In addition to our other programs, New Winston Museum presents a free monthly Salon Series featuring a broad range of local historians, artists, writers, musicians, crafts-folk and other specialists. Speakers discuss aspects of their work and their process to find interpersonal connections with their work and the broader community. Light refreshments are provided, and guests are welcome to bring brown bag lunches or dinners to the presentations. Unless otherwise noted, NWM programs are free of charge. Donations are encouraged and greatly appreciated.
The “Five Winston-Salem Printmakers” hold an important place in the artistic heritage of the City of Arts and Innovation. Beginning in 1962, this pioneering group came together around a shared passion for wood-block printing. Over several decades, they comprised a creative community in which each fostered a unique aesthetic. These five women helped create what we now know as Sawtooth Center for the Visual Art, SECCA, and Associated Artists of Winston-Salem.
Work by Ann Carter Pollard, Virginia Ingram, Anne Kesler Shields, Susan Moore, and Martha Dunigan will be available for sale, as well as works by Raiford Porter, Mackey Bane, and others from Pollard’s personal collection.
This collection is owned in its entirety by New Winston Museum. Proceeds from each sale will go towards establishing a fund for exhibits and programs; therefore, all prices are non-negotiable. NWM is grateful for the generosity of Willow’s Bistro, which has allowed us to display these works for sale at no cost.
Fall 2017 Salon Series:
Lost, Found, and Transformed
Our Storied Places in African-American History
Envisioning Columbian Heights
November 16 * 5:30 pm * at Mars Hill Baptist Church
1331 E. 4th Street, Winston-Salem, NC 27101
New Winston Museum’s fall Salon Series, “Lost, Found, and Transformed: Our Storied Places in African-American History” concludes on November 16th, with “Envisioning Columbian Heights.” In three panel presentations and discussions, the series has explored stories of distinct African-American landscapes in Winston-Salem and the people who made them, and contribute to ongoing efforts to rediscover, preserve, and renew African-American places in our contemporary era of urban transformation.
This program will focus on overlapping histories of two master-planned developments: Columbian Heights and Winston-Salem State University. Panelists will explore the complicated relationship between the neighborhood and the growing institution; how the residential area was both corroded by and lifted up by WSSU. Moderator Rosemary Millar, Assistant Professor, Division of Liberal Arts at UNC School of the Arts, will lead the panel discussion. Panelists will include Mrs. Gloria Diggs Banks, sister of James Thackery Diggs, Jr., (the namesake of Diggs Gallery at WSSU); James Lewis, and Sandra Jenkins Armstrong, both longtime residents of the Columbian Heights and Columbian Heights Extension neighborhoods.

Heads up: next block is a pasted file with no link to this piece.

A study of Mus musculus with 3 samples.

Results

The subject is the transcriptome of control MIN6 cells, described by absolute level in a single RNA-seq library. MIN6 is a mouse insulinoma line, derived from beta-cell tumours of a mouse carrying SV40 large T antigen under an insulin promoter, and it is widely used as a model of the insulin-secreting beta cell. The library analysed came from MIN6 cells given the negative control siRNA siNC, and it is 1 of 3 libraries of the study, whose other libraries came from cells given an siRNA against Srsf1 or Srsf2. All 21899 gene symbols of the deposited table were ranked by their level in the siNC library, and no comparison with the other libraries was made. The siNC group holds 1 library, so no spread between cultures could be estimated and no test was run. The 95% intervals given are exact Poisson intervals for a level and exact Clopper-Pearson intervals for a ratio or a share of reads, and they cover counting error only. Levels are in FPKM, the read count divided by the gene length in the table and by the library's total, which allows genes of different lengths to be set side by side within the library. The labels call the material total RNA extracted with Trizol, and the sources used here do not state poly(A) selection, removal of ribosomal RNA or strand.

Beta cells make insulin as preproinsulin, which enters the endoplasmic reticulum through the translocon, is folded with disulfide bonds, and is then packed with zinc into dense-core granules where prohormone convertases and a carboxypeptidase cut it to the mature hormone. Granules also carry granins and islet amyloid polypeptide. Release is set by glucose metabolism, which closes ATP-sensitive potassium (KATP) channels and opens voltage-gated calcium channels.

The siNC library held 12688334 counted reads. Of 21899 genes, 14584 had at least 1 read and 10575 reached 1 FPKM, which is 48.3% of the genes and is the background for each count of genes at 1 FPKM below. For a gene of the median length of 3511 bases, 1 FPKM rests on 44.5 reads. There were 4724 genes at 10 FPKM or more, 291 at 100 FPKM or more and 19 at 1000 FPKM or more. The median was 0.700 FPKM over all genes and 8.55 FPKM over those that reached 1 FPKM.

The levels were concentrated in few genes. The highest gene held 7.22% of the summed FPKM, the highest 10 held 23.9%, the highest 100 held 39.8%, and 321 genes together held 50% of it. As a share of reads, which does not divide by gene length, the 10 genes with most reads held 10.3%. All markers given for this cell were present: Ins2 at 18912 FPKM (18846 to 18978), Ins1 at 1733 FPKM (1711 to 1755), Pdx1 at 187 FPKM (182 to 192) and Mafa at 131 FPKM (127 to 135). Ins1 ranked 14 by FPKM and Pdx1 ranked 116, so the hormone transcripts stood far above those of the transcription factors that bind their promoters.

Mars Hill Baptist Church, at 1331 E. 4th Street, will be the venue for this program. Join us at 5:30 pm on Thursday November 16 to hear engaging speakers on the subject of the development of the Columbian Heights neighborhood and WSSU, and how they have been shaped into what they are today. The event is free to attend. Light refreshments will be served.
I Was There: A Staged Reading of Veterans‘ Stories
Two Showings on Saturday, November 18
2:00 at Lewisville Branch Library Auditorium and 7:00 at St. Anne’s Episcopal Church
See details below.
Blue Moon Theatre Company in conjunction with Dr. Cyndi Briggs and the New Winston Museum proudly presents:
“I Was There: A Staged Reading of Veterans’ Stories.”
November 18, 2017
Admission is free to the public.
2pm – Lewisville Branch Library Auditorium
6490 Shallowford Road
Lewisville, NC 27023
7pm – St. Anne’s Episcopal Church
2690 Fairlawn Dr.
Winston-Salem, NC 27106
First-person accounts from veterans from WWII to the Korean War to the Vietnam War. Performances will be followed by conversation with actors and veterans involved in the production.
Directed by Brook Davis. Generous sponsorship from Wake Forest University’s Interdisciplinary PLACe.
2018 Salon Series programs will kick off in February with programming on the history of Southern food and local food ways. Stay tuned for more information!
. . . More events to be announced soon.